IJN Naval Base Rabual
0500 May 6 After Action Reports.
At sunrise our cap went up and we sent off the 2/4 NAG to fly escort over
TF1 and do a fighter sweep over Pt. Moresby. The four planes assigned to
the fighter sweep intercepted a flight of B17's flying towards Lea and made
several passes at them inflicting damage to the enemy bombers.
As we waited for the B17's to arrive a flight of American medium bombers
arrived. Our cap moved towards them and made several passes at the American
When the flight of B17's arrived our pilots were all warmed up and gave the
B17's a hot welcome. One B17 exploded in a huge midair fireball. The 20mm
shells from our Zero fighters must have set off the bomber's load. The
fighters continued to inflict damage on the planes until the base
antiaircraft opened up. The AA was effective today getting the range right
away and inflicted damage on all the enemy planes. The bombers dropped
their loads but the AA must have made them nervous as we suffered only
minor damage to the base and field.
We sent up our sunrise cap as usual. It had been comparatively quiet since
the first day when our fighters shot down two American flying boats. When
we heard the drone of many plane engines we knew that peace had ended. The
Americans were turning their attention to us now.
They sent in what apparently was two different carrier air groups of dive
bomber and torpedo bombers. Our CAP of three Rufes were in a good altitude
position to intercept the dive-bombers. They moved immediately to attack
the American planes. With the first pass two planes were hit, as the
fighters swung around enemy fighters were seen climbing to attack. On the
second pass against the dive-bombers, two enemy planes exploded in
spectacular explosions of the bombs. At that point the enemy planes
outnumbering our cap shot one of our heroic pilots down. The remaining and
outnumbered two planes limped off damaged, using the clouds to avoid more
The torpedo bombers attacked first going against the seaplane tender. Our
AA was accurate and deadly as planes were seen smoking and crashing into
the sea and in some cases on the island. Two torpedo bombers and many
dive-bombers were shot down and several crews captured. A torpedo hit the
troop transport "Azumasas Maru" and it began to settle immediatly in the shallow waters.
The enemy dive-bombers attacked the ships, sea planes and base buildings
with little effect. One building suffered minor damage, none of the planes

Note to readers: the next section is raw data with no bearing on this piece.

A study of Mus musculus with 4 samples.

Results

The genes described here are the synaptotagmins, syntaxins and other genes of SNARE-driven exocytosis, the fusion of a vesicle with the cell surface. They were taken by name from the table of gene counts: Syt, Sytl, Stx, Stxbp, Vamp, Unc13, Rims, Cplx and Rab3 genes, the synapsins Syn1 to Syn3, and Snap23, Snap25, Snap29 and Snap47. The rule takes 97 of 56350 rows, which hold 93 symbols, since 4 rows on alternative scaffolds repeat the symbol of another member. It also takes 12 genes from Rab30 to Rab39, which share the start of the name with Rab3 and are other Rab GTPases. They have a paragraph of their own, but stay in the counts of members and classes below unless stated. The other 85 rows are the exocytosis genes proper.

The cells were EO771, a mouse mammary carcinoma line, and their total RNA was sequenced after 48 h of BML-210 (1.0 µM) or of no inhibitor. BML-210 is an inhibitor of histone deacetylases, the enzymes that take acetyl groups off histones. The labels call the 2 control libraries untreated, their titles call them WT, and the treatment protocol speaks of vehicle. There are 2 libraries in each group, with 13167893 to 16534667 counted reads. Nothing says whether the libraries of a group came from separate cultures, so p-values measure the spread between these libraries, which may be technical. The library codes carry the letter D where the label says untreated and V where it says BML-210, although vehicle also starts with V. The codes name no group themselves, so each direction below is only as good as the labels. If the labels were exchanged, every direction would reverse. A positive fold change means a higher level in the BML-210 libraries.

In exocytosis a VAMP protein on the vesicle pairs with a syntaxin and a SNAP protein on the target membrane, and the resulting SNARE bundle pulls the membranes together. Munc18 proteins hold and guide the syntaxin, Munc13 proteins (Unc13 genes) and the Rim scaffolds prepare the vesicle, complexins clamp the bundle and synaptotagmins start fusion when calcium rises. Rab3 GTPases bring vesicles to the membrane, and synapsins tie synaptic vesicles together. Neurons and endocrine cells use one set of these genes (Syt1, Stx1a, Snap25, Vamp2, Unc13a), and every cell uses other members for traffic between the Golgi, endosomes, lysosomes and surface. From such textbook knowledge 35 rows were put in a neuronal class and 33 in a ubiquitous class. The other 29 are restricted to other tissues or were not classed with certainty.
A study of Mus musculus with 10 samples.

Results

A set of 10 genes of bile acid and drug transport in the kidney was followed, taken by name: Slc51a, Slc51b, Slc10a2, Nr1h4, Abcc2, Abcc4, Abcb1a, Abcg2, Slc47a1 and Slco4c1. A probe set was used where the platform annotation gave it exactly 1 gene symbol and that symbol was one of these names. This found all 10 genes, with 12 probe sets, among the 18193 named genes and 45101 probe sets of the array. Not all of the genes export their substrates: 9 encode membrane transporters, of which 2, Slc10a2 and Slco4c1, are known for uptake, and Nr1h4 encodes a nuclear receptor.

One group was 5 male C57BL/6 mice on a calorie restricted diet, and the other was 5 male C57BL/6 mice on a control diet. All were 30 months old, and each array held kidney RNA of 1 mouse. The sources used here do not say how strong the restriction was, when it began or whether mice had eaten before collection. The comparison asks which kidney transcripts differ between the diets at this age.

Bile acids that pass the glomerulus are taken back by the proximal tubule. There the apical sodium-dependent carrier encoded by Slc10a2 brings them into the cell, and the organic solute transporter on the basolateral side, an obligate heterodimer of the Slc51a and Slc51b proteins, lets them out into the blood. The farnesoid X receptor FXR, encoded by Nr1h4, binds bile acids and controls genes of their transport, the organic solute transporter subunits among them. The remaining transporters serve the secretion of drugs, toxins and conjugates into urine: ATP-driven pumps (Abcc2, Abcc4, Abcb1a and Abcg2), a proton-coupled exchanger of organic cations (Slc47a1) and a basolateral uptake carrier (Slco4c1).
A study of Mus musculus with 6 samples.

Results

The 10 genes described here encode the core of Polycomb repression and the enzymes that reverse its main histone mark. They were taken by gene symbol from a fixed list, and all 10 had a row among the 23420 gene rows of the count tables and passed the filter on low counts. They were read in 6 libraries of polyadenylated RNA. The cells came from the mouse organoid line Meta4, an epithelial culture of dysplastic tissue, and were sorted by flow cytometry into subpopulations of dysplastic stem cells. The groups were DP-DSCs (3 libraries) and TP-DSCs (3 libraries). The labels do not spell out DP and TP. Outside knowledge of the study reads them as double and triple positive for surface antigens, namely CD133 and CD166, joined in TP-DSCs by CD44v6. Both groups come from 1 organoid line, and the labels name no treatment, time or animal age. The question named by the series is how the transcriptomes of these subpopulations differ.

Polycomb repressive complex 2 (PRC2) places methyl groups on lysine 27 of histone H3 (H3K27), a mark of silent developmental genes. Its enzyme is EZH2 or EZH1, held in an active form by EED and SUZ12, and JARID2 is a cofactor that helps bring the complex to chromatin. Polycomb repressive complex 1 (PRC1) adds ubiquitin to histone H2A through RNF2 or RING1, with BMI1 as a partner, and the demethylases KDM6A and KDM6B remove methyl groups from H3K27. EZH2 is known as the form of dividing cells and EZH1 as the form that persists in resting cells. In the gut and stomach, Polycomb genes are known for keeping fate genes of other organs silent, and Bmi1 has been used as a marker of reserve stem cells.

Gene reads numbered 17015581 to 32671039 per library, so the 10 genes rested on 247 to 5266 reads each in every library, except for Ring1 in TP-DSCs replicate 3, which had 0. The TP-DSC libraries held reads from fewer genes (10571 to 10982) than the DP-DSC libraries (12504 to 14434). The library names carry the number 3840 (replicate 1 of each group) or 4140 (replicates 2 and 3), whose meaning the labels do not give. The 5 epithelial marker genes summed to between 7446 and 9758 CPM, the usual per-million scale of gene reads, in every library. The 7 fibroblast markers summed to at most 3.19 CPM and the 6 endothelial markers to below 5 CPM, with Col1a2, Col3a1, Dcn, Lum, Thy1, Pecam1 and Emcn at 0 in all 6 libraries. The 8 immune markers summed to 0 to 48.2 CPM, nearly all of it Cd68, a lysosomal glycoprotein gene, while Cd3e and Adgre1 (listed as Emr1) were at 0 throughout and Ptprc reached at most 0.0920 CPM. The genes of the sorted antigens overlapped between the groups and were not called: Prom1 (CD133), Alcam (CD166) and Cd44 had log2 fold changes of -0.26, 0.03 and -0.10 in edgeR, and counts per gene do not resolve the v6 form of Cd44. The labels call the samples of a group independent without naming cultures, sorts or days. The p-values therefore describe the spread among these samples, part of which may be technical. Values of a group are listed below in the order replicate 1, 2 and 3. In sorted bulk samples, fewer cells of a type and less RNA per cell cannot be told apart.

suffered any damage at all but the destroyer Yuzuki was sunk when a bomb
set off its magazine. The intense AA was the probable cause for the many
misses by the enemy dive-bombers. Finally a second flight of torpedo planes
came in but they inflicted little damage.
All in all the Americans had sent two carrier air groups against us and
went away the sorrier. They had many more plane losses then we had
incurred. The loss of the Maru 12 and a destroyer hurt us, but
replacements have been dispatched and should be here by late on the 7th.
Our cruiser task force arrived as the sun was rising. The plan had been for
them to make their attack under the cover of darkness. The transit through
the many islands though had slowed the task force. Spotters were sent aloft
and the forty 8 inch guns began to rain shells down on the Allied base.
Enemy fighters had gotten off before the shelling started and went
immediately for the spotters high over head. The fighter escorts we had
been assured of for our spotter planes never showed up. That meant that our
planes would be defenseless and have to evade. As that happened the
cruisers stopped firing. One of our spotters was shot down and the other
did evade the enemy fighters. Soon after our guns became silent the enemy
launched two flights of medium bombers. The first flight initially looked
like it was going to drop bombs as they did not get down to wave top level
and were seen flying over the ships in the task force. But alas this was
not so. As the second group began to drop its torpedoes our cruisers began
to take many hits. Our AA was effective but not effective enough and all
the cruisers were torpedoed. Two ships, the Aoba and the Kinugasu, sank in the
The loss of the TF2 was tragic but the Americans did little damage at
Tulagi and Lea. The night though, has allowed us to repair our bombers and
move our other task forces into position. Soon the American's will be in
full retreat from our superior Naval and air forces.